A panel of federal judges last week reaffirmed a Kodiak man’s conviction for murdering two of his Coast Guard colleagues; it’s the latest legal decision after nearly a decade of back and forth in the courts.
James Wells was sentenced to life in federal prison two years ago for the murders of Petty Officer First Class James Hopkins and retired Chief Rich Belisle back in 2012, who was a civilian at the time.
Hopkins and Belisle were Wells’ coworkers at Kodiak’s Coast Guard Communication Station. Wells was a civilian.
Wells was first convicted of the double homicide in 2014, but the case was reversed by the Ninth Circuit Court of Appeals three years later, which ordered a new trial with a different judge. A federal jury again convicted Wells of six criminal counts, which included two counts of first degree murder the crimes in 2019.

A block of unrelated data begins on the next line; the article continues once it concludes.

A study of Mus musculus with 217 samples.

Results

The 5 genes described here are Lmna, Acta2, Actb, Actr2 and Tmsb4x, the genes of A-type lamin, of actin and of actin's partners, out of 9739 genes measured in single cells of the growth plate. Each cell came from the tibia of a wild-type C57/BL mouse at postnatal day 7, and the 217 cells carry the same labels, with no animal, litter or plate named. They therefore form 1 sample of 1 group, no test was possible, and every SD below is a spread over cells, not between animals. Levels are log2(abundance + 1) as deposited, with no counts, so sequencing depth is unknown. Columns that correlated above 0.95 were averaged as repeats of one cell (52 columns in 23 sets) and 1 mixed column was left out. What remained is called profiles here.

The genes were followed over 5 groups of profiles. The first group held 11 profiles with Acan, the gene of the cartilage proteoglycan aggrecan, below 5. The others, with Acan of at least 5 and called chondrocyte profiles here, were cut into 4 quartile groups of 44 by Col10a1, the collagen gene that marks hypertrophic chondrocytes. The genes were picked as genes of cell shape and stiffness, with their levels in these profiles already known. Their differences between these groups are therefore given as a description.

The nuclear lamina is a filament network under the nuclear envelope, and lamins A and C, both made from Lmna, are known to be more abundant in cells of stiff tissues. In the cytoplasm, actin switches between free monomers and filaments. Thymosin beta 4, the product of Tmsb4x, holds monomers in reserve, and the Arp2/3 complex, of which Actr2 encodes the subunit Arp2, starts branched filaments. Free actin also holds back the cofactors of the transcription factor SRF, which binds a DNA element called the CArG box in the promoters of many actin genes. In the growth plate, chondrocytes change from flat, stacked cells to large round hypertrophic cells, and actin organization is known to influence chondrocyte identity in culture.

But Wells appealed the conviction, saying his Fifth Amendment rights against self-incrimination were violated because investigators threatened his job during interrogations.
Last week, a panel of three federal judges rejected that argument and reaffirmed Wells’ convictions. In his opinion for the Ninth Circuit Court of Appeals, Judge Daniel A. Bress wrote that throughout several interviews with investigators, Wells “never expressed concern that his employment would be affected if he did not participate, even when he and the investigators discussed his long service with the Coast Guard,” and that he also “sometimes volunteered information that went beyond the scope of the questions asked.”
The judges, however, vacated a court order as part of Wells’ sentencing to pay $1,921,640 in restitution. The judges ruled the court had failed to properly calculate Wells’ earnings, and that part of sentencing would be sent back to the courts to reconsider.
Wells’ attorney and the families of the victims could not be reached for comment.